One of the first questions I ask a new student in my private studio is to name five professional musicians that play his or her instrument. I am going to use trumpet in this blog entry but the same concept applies for any instrument. When asked this question, young trumpet players might throw out names like Satchmo, Diz or Miles. Then I ask for five classical musicians. I often get a blank stare. Some of these students are coming to me for the first time seeking help on their college scholarship auditions. It concerns me that they will enter their first year of college without knowledge of a single professional trumpet player.
I firmly believe that establishing a beautiful tone on any instrument begins with practicing the art of listening. This is something that students can start to learn on the first day of beginning band. It is difficult for a student to produce a mature sound on trumpet when they have never heard a characteristic trumpet tone.
The best way to remedy this is to encourage students to attend live performances whenever possible. I know from experience that not all communities have ongoing access to live classical music. In which case we must rely on recorded music (CDs, DVDs, MP3 downloads, music subscription services, online videos, etc.).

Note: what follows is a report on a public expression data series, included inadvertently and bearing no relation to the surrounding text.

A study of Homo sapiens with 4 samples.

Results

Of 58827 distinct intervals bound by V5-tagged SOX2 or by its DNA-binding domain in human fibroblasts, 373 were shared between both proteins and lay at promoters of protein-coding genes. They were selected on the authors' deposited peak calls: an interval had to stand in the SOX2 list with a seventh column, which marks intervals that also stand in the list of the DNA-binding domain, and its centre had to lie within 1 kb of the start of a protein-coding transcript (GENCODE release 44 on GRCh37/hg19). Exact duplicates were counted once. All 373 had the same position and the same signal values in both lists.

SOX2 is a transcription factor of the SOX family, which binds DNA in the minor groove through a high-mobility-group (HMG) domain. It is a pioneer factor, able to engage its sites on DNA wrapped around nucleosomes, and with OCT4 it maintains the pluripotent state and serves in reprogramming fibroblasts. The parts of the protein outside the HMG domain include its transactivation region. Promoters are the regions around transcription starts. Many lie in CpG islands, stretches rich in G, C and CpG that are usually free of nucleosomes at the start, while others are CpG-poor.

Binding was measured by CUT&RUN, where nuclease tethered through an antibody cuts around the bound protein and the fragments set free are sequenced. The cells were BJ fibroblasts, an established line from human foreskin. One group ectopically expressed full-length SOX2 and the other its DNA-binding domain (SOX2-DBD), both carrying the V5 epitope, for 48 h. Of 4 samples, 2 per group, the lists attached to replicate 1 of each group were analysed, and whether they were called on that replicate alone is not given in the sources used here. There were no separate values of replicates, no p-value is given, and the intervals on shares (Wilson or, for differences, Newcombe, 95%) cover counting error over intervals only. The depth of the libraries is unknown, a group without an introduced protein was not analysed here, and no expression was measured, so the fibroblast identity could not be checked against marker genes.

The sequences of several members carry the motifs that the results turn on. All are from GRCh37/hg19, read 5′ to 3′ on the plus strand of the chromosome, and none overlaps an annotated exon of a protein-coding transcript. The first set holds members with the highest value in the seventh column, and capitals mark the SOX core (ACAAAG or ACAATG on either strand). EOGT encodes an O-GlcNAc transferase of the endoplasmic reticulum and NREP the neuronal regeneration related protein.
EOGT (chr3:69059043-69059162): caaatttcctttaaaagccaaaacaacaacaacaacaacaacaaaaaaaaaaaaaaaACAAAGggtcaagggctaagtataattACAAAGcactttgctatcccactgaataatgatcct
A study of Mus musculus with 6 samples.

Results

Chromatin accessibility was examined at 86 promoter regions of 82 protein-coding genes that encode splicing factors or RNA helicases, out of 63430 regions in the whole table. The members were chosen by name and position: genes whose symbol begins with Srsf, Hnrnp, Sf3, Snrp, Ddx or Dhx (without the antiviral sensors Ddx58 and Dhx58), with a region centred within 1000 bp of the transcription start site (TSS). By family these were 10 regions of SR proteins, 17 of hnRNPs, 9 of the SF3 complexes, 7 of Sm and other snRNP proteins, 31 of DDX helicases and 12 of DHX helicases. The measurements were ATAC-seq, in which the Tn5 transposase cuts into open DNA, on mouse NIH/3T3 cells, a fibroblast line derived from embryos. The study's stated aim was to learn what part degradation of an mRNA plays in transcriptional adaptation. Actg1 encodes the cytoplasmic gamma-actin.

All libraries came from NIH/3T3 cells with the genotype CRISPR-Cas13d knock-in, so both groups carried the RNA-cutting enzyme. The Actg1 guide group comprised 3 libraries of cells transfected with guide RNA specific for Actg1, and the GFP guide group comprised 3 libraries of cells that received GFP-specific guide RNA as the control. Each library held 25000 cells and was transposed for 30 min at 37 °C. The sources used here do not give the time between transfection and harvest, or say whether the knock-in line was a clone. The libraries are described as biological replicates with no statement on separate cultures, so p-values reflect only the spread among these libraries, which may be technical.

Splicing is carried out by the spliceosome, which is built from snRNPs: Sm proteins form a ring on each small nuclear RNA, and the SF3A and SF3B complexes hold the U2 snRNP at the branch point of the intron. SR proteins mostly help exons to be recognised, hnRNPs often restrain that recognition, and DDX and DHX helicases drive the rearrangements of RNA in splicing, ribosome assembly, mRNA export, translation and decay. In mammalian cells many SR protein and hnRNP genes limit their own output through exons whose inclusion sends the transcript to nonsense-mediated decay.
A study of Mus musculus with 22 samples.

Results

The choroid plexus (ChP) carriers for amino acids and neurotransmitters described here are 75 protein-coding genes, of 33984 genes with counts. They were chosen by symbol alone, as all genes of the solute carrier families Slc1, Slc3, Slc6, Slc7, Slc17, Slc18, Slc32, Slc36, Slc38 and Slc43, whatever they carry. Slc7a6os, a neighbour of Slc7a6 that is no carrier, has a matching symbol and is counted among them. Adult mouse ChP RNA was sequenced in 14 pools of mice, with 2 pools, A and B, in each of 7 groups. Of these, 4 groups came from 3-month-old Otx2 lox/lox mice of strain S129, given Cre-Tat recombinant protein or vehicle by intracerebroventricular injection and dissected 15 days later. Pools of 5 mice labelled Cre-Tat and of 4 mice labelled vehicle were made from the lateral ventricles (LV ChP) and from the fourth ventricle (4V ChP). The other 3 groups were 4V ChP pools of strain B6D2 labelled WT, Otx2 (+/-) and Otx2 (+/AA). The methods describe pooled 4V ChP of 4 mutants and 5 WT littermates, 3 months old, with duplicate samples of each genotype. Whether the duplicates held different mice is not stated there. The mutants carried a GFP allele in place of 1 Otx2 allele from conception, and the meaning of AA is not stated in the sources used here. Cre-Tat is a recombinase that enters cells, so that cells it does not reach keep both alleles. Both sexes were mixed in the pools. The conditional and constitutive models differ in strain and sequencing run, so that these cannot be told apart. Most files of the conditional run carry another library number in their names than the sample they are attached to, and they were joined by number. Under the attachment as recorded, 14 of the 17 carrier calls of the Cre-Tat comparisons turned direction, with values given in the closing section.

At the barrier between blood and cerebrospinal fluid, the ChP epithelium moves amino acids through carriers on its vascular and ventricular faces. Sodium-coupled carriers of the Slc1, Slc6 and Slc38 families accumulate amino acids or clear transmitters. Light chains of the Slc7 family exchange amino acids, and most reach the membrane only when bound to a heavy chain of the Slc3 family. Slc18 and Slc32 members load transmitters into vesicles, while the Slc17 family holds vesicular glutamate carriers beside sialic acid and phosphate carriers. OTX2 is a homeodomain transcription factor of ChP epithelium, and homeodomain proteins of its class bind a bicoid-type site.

Using the idea of keywords (sonata, concerto, suite, etc.) I ask trumpet students to find a few trumpet recordings. Students often come to the following lesson having listened to a recording of Maurice Andre or Wynton Marsalis or the like. The other interesting thing that happens is that students will return to my studio and give me a list of trumpet players often with extensive bios, discographies and more. They want me to know beyond a shadow of a doubt that they can now name five professional classical trumpet players. On a personal note, I love it when this happens! I simply smile and enjoy the enthusiasm with which they share their new musical finds.
It’s good to follow up on this discussion by suggesting recordings of musicians that might not be readily available at a local music store. Also, in addition of sonatas and concertos, this could open up a dialogue about recordings of standard band and orchestral excerpts for specific instruments, chamber music, etc.
I have provided a list of recordings by instrument. My aim is not to create a comprehensive list but to give instructors and students a starting point for building a personal or school music collection. Fellow wind conductors, I encourage you to unwind after a long day of rehearsals by listening to great orchestral, chamber and choral recordings. Follow that up with some Grainger and Holst (or Maslanka and Schwanter if you prefer) and call it a day. Students, I hope this list will inspire you to actively listen to great recordings and to truly reflect on the quality of sound coming out of the other end of your horn. Enjoy!
*This list is a work in progress. I will continue to add new music and potentially new categories as time allows. If you have discovered new music you would like to share, please comment below. I might even add your suggestion to the list!